Kendi responds after inquiry launched into BU antiracist center

Speaking to The Boston Globe, Ibram X. Kendi said recent layoffs at the Center for Antiracist Research were strategic and not tied to the center's financial solvency.

Tommaso Boddi
Dr. Ibram X. Kendi. Photo by Tommaso Boddi/Getty Images for Netflix

Following news of mass layoffs and an official inquiry into Ibram X. Kendi’s Center for Antiracist Research at Boston University, the famed author is pushing back on allegations of mismanagement from current and former employees. 

After laying off 19 of the center’s 36 staff members last week, Kendi told The Boston Globe in an interview that the reorganization was strategic and not tied to financial solvency.

“This was a tough decision and of course it elicited a lot of strong opinions,” Kendi told the newspaper. “At the same time, I had to take the long view to ensure that the center would be impactful and sustainable 20, 50 years from now, particularly in a moment when racial justice organizations, and social justice organizations more broadly, are under serious attack.”


He explained that the layoffs represent the center’s shift from a “high-growth startup” pursuing a plethora of projects to “the world’s first residential fellowship program for antiracist intellectuals,” a less costly model that stretches the center’s funding further, the Globe reported.


Following the layoffs, Boston University — where Kendi launched the center in June 2020 — confirmed it received complaints about the organization’s culture and grant management. The university said it is looking at both angles as part of its inquiry into the Center for Antiracist Research. reached out to Kendi and the center for comment on the inquiry; neither has responded.

The university’s interim president, Kenneth W. Freeman, addressed the controversy in an interview with BU Today, explaining that the employee complaints involved “project and center management, meaning, was the Center sufficiently productive in terms of the research grants it received, and did the Center’s management afford its people the appropriate support and respect for their contributions?”

Kendi defended the center’s track record in his interview with the Globe.

“We’ve been able to develop a number of projects,” Kendi told the newspaper. “But more so than anything, we’ve been able to begin to allow for other scholars and intellectuals to recognize the importance of antiracist research on a college campus.”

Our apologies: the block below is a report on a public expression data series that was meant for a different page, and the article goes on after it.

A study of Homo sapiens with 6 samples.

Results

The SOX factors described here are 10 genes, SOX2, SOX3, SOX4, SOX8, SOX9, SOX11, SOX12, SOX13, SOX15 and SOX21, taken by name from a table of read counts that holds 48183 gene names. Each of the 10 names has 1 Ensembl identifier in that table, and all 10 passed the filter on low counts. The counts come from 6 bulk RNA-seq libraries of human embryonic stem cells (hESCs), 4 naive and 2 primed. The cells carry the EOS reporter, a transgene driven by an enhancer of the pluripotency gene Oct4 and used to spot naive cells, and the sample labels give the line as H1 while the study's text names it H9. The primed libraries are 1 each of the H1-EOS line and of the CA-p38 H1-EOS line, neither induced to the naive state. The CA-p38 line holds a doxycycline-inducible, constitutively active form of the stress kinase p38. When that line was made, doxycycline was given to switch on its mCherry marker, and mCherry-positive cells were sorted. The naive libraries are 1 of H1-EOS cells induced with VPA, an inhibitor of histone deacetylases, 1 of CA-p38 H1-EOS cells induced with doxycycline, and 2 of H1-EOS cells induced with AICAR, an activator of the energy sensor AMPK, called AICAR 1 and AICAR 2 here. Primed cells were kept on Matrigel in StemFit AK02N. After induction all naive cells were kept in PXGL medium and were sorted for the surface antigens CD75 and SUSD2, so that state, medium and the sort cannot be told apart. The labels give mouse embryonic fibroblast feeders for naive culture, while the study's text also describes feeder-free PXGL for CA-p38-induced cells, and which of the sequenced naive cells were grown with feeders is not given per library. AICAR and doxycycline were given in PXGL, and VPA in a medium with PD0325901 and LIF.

According to the Globe, the center has contributed funding to numerous research projects, launched the online newspaper The Emancipator, drafted model legislation, and organized two “policy convenings” on antibigotry and racial and ethnic data collection. Still, the Globe noted, key projects like a graduate degree program and a national Racial Data Tracker have yet to materialize. 


Staffers who spoke with the Globe also critiqued Kendi’s leadership, asserting that he held decision-making power but was often unavailable. Kendi disputed that criticism, telling the Globe he delegated authority through a robust leadership structure. 

“I thought it was important for different people to have the authority to make decisions,” he told the newspaper. “As somebody who is pretty regularly speaking, and writing, and obviously engaging with people to support the center, I couldn’t always be there to make every decision.”

As for the future of the Center for Antiracist Research? 

Freeman described the recent layoffs as “very painful and difficult,” but said he doesn’t envision restoring the center to its previous size or research focus. 

“Dr. Kendi has made a compelling case that the reorganized center requires a smaller staff than what was previously needed,” Freeman told BU Today. 

“The national conversation to combat racism is important and critically necessary, and it is under siege right now,” he added. “There are some who want to turn back the clock, shut down the conversation, and rewrite history. We must make sure that we, as a university, do whatever we can to keep the conversation alive and always moving forward.”